Spring Awakening, the 2006 musical adaptation of Frank Wedekind’s play from 1891, is currently being performed by William Peace Theatre in Raleigh, NC. This rock musical is a great fit for university theatre and is appealing to a wide range of mature audiences in the Triangle looking to be woken up this weekend. Note: this production is not intended for children and may make your ultra-conservative grandfather very uncomfortable (I almost felt sorry for the noticeably uneasy man sitting in front of me).

Dissecting themes of young love, forbidden desires, child abuse, abortion, and the sadness of adolescent suicide, this hard-hitting and exhilarating musical, if done well, creates a range of emotions and questions for its audience. William Peace Theatre has done a wonderful job telling this story. Contrasting the ideas of innocence versus ignorance, we are asked where the line is drawn.

Spring Awakening is set in the late-1800s in a small town in Germany. Wendla, played by junior Saywer Stone, an innocent girl who wishes to know the facts of life, is left in the dark by her mother, played by senior Hannah Murphey, and only told that babies are made, “When a wife loves her husband with her whole heart.” When the desires and affection of Melchior, the intelligent and radical teenage boy in town played by sophomore Delphon “D.J.” L. Curtis Jr., overcome Wendla, she is not sure what is happening as he touches her but hesitates and feels unsure. Through her doubts, Melchior persists. Well, there’s nothing like gray-area rape to end Act I.

Act II continues with sadness and rebellion, but now something has changed. “The Song of Purple Summer,” which ends the musical, describes the passage to adulthood that is reflected through Act II. Lighting design by Jennifer Mann Becker is exquisite in this production from the gel colors to the gobos, from the LEDs to the footlights. Act I uses amber and blue light, but as a result of Wendla and Melchior’s union, purple has entered the world and the landscape takes on new meaning – but not necessarily for the better. The complementing scenic design by alumna Sonya Leigh Drum is a versatile and beautiful playground that transforms to different locations while remaining stationary. The scrim along the back wall hides the musicians, though their presence is known by the occasional shadow or stand light. All around, WPT’s production has beautiful technical elements, direction, music, choreography, and some powerful voices to support this rock musical. Unfortunately though, the microphones on some actors were not always loud enough to compete with the heavy instrumentals. Costumes were suggestive of the time period, though with regard to casting, it was almost impossible to ignore that Curtis as teenage Melchior appears much older onstage than his counterparts.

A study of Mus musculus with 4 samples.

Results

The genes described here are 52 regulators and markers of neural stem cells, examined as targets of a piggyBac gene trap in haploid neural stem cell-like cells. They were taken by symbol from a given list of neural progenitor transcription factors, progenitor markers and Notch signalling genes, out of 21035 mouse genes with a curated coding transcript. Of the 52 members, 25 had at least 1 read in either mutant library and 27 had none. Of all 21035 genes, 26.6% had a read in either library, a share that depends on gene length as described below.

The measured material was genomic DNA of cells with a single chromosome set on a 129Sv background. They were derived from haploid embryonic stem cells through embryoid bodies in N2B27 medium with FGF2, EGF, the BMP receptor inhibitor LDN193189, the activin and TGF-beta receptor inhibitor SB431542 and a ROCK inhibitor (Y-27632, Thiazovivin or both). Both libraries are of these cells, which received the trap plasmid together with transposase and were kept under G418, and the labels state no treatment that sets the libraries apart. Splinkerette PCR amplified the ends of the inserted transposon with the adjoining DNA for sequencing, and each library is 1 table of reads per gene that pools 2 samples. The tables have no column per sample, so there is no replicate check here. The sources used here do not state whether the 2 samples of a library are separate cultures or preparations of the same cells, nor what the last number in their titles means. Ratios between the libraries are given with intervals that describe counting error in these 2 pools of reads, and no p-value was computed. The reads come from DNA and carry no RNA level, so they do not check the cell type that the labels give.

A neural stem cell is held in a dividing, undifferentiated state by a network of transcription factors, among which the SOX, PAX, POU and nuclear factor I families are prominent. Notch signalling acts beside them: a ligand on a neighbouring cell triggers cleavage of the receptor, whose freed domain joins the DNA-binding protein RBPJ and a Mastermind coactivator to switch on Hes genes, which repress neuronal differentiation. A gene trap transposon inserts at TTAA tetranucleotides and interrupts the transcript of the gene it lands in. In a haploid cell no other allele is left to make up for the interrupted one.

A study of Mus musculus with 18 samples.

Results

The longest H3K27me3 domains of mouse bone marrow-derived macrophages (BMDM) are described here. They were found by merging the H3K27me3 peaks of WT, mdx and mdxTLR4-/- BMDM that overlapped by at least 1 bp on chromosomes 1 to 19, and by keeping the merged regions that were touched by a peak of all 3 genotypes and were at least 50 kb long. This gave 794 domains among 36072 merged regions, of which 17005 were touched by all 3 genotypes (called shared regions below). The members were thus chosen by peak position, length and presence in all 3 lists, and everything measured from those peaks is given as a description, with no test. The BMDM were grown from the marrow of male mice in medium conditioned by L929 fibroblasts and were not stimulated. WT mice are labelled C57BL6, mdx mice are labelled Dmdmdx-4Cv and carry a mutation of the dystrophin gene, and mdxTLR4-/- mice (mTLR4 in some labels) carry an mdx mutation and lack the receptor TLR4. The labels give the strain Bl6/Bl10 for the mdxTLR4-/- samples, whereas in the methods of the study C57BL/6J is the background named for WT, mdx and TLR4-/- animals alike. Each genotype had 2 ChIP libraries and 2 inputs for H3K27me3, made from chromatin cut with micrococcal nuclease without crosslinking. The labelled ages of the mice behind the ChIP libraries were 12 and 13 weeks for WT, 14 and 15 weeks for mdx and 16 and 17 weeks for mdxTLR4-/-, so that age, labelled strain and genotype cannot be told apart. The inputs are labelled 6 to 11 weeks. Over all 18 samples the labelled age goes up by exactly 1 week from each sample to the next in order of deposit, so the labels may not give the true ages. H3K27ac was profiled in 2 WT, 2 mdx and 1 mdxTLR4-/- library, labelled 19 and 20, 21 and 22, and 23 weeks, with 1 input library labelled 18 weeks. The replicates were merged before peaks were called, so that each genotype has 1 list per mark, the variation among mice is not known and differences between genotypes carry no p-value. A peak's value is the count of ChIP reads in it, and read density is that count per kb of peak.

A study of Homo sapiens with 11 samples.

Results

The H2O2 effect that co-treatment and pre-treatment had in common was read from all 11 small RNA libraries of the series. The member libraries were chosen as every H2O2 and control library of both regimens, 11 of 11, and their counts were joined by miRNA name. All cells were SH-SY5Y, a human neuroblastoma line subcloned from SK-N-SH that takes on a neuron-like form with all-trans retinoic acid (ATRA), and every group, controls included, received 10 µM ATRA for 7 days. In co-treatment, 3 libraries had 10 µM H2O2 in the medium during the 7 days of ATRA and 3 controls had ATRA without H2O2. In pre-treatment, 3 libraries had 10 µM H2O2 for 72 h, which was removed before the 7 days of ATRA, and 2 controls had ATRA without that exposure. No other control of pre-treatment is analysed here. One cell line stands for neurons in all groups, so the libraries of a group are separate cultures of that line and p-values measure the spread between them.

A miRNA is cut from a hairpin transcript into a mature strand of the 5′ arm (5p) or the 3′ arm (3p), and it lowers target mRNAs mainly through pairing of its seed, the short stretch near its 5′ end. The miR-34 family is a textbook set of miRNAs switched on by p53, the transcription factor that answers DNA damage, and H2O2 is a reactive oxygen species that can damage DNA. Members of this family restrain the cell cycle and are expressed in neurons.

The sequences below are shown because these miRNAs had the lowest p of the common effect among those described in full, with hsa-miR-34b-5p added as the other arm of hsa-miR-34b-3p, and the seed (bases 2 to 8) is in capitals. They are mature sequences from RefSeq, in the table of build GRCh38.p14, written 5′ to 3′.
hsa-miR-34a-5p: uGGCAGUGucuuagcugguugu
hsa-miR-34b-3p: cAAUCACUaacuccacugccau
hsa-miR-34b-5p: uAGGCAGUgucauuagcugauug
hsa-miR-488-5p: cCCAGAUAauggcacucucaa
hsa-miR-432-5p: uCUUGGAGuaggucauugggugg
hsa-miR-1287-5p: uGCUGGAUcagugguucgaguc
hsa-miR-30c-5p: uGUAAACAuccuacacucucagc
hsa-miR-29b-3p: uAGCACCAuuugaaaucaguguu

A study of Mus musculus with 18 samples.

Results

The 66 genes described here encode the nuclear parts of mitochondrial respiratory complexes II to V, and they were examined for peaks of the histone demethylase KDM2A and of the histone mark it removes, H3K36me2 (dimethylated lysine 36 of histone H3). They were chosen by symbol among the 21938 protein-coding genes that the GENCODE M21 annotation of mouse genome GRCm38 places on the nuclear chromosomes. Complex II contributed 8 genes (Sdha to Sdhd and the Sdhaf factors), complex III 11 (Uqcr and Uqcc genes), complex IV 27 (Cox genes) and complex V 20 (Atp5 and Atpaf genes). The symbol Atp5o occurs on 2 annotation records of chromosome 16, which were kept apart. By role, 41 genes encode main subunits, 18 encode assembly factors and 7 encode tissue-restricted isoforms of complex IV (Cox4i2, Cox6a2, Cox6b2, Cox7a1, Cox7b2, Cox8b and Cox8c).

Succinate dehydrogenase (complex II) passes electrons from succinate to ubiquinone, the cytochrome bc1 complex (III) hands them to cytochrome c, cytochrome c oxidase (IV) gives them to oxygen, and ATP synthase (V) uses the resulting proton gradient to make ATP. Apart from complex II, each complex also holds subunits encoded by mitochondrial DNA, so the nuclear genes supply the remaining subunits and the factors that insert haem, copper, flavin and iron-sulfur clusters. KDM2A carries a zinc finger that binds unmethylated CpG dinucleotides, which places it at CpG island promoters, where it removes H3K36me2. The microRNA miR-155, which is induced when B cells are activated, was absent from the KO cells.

Cutis’ performance as Melchior was occasionally faulted as he looked for the line between intelligent boy and defiant man. However, Curtis came alive in his songs, and his voice is the perfect fit for the role of Melchior. Stone’s character, Wendla, remained consistent and strong throughout and was complimented by her female counterparts. Playing two boys who have admitted desires for each other, Joshua Walker, playing Hanschen, and Melvin T. Gray Jr., playing Ernst, sang a reprise of “The Word of Your Body” that was touching, sweet, and beautiful.

Due to the snow last week, some performances were cancelled, so expect a full house when you attend. Get your tickets in advance or risk not seeing this great production! Spring Awakening at William Peace University will run for three more shows this weekend, until Saturday evening.  For more details on this production and remaining performances, please view the sidebar.